Tulsa dentist Kevin Winters is often featured on KJRH’s “2 Works for You” segment. Recently, he was asked a question about bad breath and had to give a brief answer because of the time constraints for the segment. Here is a more comprehensive rundown on causes of bad breath.
Right off, Dr. Winters focused on gum disease because it is not only one of the most common causes of bad breath, it’s one of the most serious. Gum disease can not only lead to tooth loss, but can contribute to heart disease, diabetes, pregnancy complications, and has even been linked to several types of cancer, including oral cancer, lung cancer, and breast cancer.
If you have chronic bad breath, this is the first thing you should check out.
Another common cause of bad breath is bacteria that accumulate on your tongue. These bacteria will recur regularly, but you can help keep them under control by brushing or scraping your tongue every time you brush your teeth. This will help keep bacteria under control.
Acid reflux, also known as gastroesophageal reflux disease (GERD) can contribute to your bad breath. If you have GERD, you might have undigested stomach contents rotting in your stomach. You might also be regurgitating small bits of food into your mouth and throat, leading to a bad smell.
Talk to your doctor about acid reflux if you’re also experiencing indigestion, heartburn, and other GERD symptoms. Your doctor may also point out other illnesses that may be responsible for your bad breath, such as diabetes or, in rare cases, cancer.
Another place where bacteria can accumulate is actually inside your teeth. Bacteria not only form cavities in your teeth, they use these cavities for shelter, and when cavities get large enough, anaerobic bacteria--the ones that “breathe” sulfur instead of oxygen, so they give off lots of smelly compounds--can shelter inside your teeth. Depending on the position and size of the cavity, you might also notice a foul taste in your mouth regularly.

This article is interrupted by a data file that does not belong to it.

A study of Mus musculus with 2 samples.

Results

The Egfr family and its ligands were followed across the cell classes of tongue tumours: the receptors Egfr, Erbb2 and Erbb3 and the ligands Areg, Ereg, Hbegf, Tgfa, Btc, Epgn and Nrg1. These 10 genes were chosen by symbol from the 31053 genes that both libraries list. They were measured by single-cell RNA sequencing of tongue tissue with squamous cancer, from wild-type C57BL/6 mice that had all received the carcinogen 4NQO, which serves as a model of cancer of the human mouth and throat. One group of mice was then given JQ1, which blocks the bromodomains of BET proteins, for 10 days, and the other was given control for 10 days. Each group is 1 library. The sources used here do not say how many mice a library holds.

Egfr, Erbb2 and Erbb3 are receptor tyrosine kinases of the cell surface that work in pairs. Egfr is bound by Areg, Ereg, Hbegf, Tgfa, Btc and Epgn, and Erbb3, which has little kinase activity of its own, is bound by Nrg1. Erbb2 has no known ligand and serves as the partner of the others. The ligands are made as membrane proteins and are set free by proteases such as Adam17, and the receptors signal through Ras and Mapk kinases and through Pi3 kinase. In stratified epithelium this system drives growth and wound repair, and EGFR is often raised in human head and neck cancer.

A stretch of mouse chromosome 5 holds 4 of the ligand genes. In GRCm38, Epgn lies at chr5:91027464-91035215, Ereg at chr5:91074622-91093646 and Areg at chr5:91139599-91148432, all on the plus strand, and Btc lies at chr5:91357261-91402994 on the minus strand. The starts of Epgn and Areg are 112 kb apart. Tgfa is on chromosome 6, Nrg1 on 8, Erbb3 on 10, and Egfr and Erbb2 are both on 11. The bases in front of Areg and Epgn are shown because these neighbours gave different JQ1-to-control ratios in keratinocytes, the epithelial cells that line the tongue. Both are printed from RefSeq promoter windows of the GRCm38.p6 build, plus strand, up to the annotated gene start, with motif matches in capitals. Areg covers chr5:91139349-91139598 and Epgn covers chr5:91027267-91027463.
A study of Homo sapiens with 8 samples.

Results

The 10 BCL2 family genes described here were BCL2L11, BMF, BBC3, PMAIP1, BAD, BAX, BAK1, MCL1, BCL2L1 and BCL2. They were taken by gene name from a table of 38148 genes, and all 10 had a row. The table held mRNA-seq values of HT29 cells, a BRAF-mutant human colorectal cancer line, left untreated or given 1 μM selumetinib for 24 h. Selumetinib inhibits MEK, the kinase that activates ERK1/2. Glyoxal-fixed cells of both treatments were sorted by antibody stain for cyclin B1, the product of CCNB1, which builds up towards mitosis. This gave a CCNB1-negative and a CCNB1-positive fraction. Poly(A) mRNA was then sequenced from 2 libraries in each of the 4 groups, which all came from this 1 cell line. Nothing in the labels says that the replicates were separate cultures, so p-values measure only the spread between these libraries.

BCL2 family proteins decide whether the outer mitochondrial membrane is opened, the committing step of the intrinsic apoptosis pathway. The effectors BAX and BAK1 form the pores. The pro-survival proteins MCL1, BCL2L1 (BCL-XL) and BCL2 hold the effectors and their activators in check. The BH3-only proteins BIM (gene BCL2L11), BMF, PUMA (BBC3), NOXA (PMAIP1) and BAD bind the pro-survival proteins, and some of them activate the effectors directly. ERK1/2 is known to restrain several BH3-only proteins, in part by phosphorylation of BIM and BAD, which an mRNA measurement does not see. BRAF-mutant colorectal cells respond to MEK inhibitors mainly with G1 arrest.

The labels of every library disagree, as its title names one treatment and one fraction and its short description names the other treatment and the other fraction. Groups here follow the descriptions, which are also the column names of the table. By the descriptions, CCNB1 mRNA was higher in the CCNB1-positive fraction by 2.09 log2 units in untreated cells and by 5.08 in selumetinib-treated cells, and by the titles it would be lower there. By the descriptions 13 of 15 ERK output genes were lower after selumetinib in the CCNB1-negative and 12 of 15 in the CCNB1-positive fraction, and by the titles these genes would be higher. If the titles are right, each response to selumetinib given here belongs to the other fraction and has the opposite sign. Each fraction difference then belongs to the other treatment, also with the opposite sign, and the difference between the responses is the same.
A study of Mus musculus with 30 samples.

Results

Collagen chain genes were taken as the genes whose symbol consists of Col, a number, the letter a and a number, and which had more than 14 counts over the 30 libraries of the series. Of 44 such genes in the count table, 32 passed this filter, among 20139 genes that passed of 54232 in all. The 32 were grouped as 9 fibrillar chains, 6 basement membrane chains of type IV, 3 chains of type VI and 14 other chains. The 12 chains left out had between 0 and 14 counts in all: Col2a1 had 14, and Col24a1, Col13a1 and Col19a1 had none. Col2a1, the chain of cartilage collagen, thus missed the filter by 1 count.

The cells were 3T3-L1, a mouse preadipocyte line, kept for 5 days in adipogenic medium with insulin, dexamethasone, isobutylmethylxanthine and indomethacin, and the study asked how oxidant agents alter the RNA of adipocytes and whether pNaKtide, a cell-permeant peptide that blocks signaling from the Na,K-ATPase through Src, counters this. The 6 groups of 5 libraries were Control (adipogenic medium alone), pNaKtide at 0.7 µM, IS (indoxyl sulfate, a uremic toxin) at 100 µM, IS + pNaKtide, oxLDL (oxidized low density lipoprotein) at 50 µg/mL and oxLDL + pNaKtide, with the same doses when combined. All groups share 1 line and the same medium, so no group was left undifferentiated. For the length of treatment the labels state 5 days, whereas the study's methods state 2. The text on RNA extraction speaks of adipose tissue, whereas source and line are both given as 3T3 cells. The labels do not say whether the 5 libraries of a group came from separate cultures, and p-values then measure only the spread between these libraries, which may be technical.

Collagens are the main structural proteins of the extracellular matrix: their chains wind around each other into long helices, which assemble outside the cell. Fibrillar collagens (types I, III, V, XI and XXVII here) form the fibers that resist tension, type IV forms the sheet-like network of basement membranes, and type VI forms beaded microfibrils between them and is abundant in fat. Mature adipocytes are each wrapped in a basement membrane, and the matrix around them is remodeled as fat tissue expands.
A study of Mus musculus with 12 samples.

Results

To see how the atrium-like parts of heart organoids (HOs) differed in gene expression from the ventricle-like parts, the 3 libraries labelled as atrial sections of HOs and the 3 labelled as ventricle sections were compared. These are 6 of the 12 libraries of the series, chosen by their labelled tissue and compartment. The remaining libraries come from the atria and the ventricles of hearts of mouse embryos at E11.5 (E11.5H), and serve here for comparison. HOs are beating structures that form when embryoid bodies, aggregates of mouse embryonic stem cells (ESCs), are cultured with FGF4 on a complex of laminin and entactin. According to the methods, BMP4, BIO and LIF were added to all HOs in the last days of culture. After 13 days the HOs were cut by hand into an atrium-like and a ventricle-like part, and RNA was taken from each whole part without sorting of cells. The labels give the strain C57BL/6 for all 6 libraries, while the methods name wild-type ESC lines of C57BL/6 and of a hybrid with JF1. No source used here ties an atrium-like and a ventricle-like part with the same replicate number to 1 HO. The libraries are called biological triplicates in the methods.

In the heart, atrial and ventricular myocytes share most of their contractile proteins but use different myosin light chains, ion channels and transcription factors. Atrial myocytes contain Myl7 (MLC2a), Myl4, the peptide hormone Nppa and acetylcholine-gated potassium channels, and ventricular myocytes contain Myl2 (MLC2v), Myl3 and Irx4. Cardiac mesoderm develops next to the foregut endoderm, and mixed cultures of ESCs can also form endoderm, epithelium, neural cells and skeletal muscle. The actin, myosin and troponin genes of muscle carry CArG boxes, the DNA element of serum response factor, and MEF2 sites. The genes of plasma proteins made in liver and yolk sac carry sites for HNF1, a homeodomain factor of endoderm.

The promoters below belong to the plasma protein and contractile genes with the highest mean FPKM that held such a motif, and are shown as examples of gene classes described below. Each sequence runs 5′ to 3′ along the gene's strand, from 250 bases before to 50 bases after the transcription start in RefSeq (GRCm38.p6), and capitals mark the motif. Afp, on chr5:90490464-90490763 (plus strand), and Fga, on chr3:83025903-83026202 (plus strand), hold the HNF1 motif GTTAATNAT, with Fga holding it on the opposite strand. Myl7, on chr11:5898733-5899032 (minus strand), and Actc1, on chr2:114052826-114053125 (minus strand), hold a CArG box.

An infected tooth will usually require root canal therapy because the bacteria is beginning to attack the nerves in the tooth, and can spread from the tooth to your bones, other teeth, and even your sinuses and brain.
Tonsils are actually supposed to catch bacteria. They’re located on either side of your throat at the back of your mouth, and they have many folds and pockets to collect things that aren’t supposed to go down your throat. But when they accumulate too much bacteria, they can develop deposits that are called tonsil stones, which contain bacterial plaque, dead immune cells, food, and other debris. They can smell very strongly.
Usually, tonsil stones aren’t the only cause of bad breath, because all the bacteria come from someplace else. Normally, the tonsils can process and eliminate bacteria, but when bacterial levels get high in the mouth, the tonsils can’t keep up and they develop stones. So if you develop tonsil stones regularly, we will want to investigate other possible sources of bacteria.
Another potential cause of high bacteria levels in your mouth is a dry mouth. Saliva is your body’s natural antibiotic, and when you’re not producing enough of it, bacteria can flourish. You may also have a harder time clearing food from your mouth, which gives more fuel for bad breath. You can brush and floss to help control bad breath, but avoid alcohol-based mouthwashes, which can actually dry your mouth out more.
Treating dry mouth involves identifying the cause and treating it or supplementing saliva with artificial alternatives.
Ever get food stuck between your teeth? If you don’t know that you have food stuck in your teeth or don’t remove it quickly, it can spoil, giving you very bad breath. Food can get stuck in your teeth if you have a large cavity or it can get stuck between teeth if your teeth have gaps. Large deposits of tartar--hardened plaque--can also create shelves where food gets trapped and oral bacteria can shelter.
Diet and Medications
Your diet can also contribute to your breath, beyond the short term “garlic breath.” If you are on a low-carb diet you can change the way your body metabolizes food. You enter a state called ketosis, which can increase the concentration of ketones in your breath, creating a distinct odor.
Dry mouth is one of the most common side effects of medications, which is how they normally cause bad breath, but sometimes they break down into chemicals with a particular odor.
Sleep Apnea, Snoring, and Chronic Morning Breath
Morning breath is a side effect of increased bacterial levels overnight. Your saliva production decreases overnight, and bacteria take advantage of the opportunity. Everyone experiences morning breath sometimes.
But if you have very bad breath every morning with a dry mouth, headaches, and you’ve been told about your snoring, it’s very likely you have sleep apnea. Unfortunately, the most common treatment for sleep apnea, CPAP, can actually make your morning breath worse, although it does a good job of treating other sleep apnea symptoms.
We can also treat sleep apnea with an oral appliance, which is not only more comfortable and convenient than CPAP, it isn’t going to make your bad breath worse.
We Can Track Down the Cause of Your Bad Breath
No matter what is causing your bad breath, we can track it down and recommend the proper treatment so that you can enjoy fresh-smelling breath again.
To learn what’s behind your bad breath in Tulsa, please call (918) 528-3330 today for an appointment at Winters Dental Excellence.